At the Supreme Court’s conference yesterday, actions of note included:

  • Supreme Court leaves open possible further discovery of racial discrimination in State Bar disciplinary practices.
  • PAGA arbitration. The court granted review in Adolph v. Uber Technologies, Inc. The Fourth District, Division Three, Court of Appeal unpublished opinion affirmed the denial of a petition to compel arbitration in a representative action under California’s Labor Code Private Attorneys General Act that claims Uber misclassified employees as independent contractors. (Related: here and here.) The appellate court found to be unenforceable a waiver of representative claims and also concluded that a court, not an arbitrator, is to decide whether the plaintiff is an employee who has standing to bring a PAGA action or an independent contractor who does not. The opinion was filed before the U.S. Supreme Court’s decision last month in Viking River Cruises, Inc. v. Moriana. (See here.) Adolph is the second PAGA case the California Supreme Court has agreed to hear since Viking. (See here.) [August 1 update: the court today limited the issue to: “Whether an aggrieved employee who has been compelled to arbitrate claims under the Private Attorneys General Act (PAGA) that are ‘premised on Labor Code violations actually sustained by’ the aggrieved employee (Viking River Cruises, Inc. v. Moriana (2022) 596 U.S. __, __ [142 S.Ct. 1906, 1916] (Viking River Cruises); see Lab. Code, §§ 2698, 2699, subd. (a)) maintains statutory standing to pursue ‘PAGA claims arising out of events involving other employees’ (Viking River Cruises, at p. __ [142 S.Ct. at p. 1916]) in court or in any other forum the parties agree is suitable.” The court also denied the plaintiff’s application for calendar preference and an expedited briefing schedule.]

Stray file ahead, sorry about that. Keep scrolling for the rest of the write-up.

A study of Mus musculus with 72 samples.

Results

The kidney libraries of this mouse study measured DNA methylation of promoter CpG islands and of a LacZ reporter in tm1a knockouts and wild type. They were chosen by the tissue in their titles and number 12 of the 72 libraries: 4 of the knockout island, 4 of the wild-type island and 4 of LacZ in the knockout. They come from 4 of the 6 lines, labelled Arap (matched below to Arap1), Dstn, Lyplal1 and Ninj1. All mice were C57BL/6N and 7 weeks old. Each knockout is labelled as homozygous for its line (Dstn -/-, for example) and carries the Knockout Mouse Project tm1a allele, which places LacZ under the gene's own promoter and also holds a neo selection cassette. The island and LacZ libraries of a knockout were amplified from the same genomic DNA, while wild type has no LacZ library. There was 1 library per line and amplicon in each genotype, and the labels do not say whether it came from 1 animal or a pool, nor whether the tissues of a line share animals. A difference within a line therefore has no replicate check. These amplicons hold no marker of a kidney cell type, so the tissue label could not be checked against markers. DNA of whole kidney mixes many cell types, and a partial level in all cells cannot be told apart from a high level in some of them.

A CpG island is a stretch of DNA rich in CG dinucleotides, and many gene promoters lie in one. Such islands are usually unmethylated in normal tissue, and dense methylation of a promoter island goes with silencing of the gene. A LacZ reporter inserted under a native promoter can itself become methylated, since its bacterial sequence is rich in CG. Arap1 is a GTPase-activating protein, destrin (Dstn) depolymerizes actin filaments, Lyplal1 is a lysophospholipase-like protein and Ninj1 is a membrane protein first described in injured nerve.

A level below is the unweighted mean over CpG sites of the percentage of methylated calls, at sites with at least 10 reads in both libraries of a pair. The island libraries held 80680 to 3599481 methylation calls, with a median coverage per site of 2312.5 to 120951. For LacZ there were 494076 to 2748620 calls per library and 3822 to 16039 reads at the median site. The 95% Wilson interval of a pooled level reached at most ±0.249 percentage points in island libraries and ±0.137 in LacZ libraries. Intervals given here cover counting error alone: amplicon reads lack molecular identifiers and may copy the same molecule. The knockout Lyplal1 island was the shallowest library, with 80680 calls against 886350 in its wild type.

• Habeas dissenting vote. The court denied a pro per’s habeas corpus petition in Harris v. California Department of Corrections and Rehabilitation, but Justice Liu recorded a vote to issue an order to show cause. The docket gives no information about the issues raised by the petition, so we can’t tell the reason for the dissenting vote.
  • Criminal case grant-and-holds. There were 6 criminal case grant-and-holds: four more waiting for a decision in People v. Strong (see here), which was argued in May; one holding for In re Lopez (see here and here); and one more holding for In re Vaquera (see here), which has been fully briefed for over two years.
  • Disposal of grant-and-holds. The court got rid of nine former grant-and-holds, dismissing review in all of them instead of sending any back for reconsideration. Two cases — Melendez v. Westlake Services, LLC (see here) and Hernandez Flores v. Westlake Services, LLC (see here) — were holding for the court’s May decision in Pulliam v. HNL Automotive (2022) 13 Cal.5th 127. Conservatorship of J.Y. (see here) was holding for the April opinion in Conservatorship of Eric B. (2022) 12 Cal.5th 1085. Four cases were holding for both People v. Padilla (2022) 13 Cal.5th 152, which was decided in May, and People v. Federico, which the court transferred back to the Court of Appeal in February. Two cases were holding just for Padilla.